The Leica of Robert Frank and the Americans

In the life of a museum, sometimes fate delivers a pleasant surprise….

During the preview of the Peter Olpe exhibition in 2012, he introduced us to one of his longstanding friends, Dadi Wirz, who wanted to offer a gift to the museum: a Leica with which Robert Frank took the photographs illustrating his famous work: “The Americans”.

After his studies at the Academy of Art and Design in Basle, Dadi Wirz went to teach copper plating in the United States for some fifteen years and also to make a film about his ethnologist father, who lived in Papua New Guinea, where he died. In 1955, he organised a tour to present his film, which is how he came to meet Robert Frank at an ethnological museum in New York… At the beginning of the 1960s, Robert Frank made him the gift of this camera “for his next photos in Papua New Guinea”.

It is a Leica 3, manufactured from 1934 with serial number 132545. It is fitted unusually with a 50mm f/1.4 Nikkor s o lens, bearing the number 331845.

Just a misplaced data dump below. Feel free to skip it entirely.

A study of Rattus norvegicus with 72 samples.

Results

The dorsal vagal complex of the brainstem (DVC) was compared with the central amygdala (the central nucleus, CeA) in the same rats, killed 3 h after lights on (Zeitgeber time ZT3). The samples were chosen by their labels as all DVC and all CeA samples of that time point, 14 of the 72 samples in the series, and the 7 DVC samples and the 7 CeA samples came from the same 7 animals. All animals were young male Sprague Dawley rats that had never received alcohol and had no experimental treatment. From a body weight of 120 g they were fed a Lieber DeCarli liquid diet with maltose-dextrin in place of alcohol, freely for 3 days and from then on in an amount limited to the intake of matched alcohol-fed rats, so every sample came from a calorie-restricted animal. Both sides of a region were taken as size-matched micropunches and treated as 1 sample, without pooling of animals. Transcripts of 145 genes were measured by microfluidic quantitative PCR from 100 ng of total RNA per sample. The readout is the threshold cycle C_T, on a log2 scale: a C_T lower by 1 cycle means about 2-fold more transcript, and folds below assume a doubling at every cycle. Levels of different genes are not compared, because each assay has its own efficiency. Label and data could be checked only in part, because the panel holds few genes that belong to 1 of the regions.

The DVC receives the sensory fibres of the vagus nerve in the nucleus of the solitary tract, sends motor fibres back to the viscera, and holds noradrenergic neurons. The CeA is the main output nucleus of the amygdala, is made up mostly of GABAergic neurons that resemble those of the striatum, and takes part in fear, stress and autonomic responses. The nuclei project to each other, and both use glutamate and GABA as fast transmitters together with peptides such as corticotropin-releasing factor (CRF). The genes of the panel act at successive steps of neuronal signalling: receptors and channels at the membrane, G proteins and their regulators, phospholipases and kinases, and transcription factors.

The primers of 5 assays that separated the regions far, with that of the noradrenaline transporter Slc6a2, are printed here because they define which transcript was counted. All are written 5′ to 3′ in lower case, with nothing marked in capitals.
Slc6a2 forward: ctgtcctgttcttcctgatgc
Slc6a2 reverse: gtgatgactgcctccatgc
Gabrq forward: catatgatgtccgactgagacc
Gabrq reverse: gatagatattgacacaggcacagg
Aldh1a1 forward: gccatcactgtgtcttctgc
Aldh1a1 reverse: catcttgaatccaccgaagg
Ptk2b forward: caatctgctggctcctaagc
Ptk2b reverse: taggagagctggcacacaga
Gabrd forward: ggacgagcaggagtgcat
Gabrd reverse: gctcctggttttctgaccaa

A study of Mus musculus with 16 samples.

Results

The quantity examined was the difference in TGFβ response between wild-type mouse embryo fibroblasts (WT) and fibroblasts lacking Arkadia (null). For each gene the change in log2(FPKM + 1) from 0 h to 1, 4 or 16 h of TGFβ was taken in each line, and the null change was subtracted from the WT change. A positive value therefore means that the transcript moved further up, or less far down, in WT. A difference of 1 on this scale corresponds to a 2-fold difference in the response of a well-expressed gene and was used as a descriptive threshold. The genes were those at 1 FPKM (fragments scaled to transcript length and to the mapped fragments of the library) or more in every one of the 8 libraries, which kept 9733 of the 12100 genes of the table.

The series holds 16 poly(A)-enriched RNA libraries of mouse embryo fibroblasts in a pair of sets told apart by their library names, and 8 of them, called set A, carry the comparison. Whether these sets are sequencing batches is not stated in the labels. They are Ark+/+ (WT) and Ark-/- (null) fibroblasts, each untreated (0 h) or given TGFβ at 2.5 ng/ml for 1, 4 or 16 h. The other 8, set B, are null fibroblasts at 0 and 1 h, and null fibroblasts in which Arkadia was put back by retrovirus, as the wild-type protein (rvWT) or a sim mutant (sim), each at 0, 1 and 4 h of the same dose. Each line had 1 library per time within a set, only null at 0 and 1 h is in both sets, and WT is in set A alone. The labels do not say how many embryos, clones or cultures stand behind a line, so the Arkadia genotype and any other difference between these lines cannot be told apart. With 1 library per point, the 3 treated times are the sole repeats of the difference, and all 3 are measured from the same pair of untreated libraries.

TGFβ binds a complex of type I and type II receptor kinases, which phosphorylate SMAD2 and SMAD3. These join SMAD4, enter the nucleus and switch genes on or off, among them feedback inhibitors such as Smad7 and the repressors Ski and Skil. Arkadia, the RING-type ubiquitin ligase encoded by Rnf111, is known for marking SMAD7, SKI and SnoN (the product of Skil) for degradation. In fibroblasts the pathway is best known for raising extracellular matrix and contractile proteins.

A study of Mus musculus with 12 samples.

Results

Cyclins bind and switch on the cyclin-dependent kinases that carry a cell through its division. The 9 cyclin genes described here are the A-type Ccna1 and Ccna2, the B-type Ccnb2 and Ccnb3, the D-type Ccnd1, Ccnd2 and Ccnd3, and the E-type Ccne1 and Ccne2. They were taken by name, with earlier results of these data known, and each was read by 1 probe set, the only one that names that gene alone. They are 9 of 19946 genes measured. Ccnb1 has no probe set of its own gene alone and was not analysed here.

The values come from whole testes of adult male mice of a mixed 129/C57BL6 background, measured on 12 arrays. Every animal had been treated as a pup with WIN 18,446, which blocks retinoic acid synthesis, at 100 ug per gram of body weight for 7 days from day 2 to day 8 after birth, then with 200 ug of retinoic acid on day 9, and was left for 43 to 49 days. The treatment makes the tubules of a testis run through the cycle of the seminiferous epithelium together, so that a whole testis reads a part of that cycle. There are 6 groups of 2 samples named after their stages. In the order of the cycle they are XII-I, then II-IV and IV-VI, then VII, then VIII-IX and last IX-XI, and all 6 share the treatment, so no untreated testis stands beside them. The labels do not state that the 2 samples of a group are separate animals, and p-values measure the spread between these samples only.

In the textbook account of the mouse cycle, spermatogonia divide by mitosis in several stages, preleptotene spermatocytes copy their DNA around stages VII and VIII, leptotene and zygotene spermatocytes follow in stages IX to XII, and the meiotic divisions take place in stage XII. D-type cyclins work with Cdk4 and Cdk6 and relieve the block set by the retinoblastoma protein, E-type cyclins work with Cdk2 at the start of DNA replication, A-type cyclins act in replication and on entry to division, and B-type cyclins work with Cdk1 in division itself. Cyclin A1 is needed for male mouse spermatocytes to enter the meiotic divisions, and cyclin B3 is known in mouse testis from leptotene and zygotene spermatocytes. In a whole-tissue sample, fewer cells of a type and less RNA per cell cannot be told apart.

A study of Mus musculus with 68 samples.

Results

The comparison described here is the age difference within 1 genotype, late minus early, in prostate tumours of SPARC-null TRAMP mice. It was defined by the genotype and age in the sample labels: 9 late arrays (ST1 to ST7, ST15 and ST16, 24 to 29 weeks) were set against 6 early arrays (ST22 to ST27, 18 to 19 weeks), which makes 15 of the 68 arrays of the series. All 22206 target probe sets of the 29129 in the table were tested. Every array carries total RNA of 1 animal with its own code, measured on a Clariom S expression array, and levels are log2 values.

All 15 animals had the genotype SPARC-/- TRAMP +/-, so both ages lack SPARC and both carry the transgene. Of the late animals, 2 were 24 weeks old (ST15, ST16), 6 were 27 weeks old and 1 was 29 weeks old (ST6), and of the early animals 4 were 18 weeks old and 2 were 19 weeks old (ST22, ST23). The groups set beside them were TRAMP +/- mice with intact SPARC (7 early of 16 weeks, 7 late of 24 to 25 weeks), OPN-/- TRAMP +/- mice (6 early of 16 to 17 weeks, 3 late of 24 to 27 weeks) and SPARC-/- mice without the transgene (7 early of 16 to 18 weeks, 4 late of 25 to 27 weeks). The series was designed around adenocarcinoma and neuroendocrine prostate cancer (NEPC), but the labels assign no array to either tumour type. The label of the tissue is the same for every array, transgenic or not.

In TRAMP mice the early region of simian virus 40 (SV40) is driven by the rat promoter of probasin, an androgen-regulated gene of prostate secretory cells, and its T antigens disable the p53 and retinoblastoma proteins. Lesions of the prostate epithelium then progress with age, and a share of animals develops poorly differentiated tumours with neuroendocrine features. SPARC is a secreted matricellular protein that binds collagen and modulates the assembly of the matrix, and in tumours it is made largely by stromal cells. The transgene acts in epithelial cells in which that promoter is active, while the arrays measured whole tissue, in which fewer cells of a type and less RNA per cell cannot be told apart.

Born in 1924, Robert Frank spent his youth in Switzerland and being interested in Photography from a very early age, made it his profession. After a first visit to Peru in 1948, he spent several years travelling extensively throughout Europe and the United States, where he established himself as an observer of American society. In 1953, he received a grant from the Guggenheim Foundation to undertake a visual documentation of the American civilisation, equipped himself with a Leica and went all around the United States from April 1955 until June 1956. The resultant book entitled “The Americans” was published by Robert Delpire in 1958 and was followed by an American edition in 1959, with a preface by Jack Kerouac.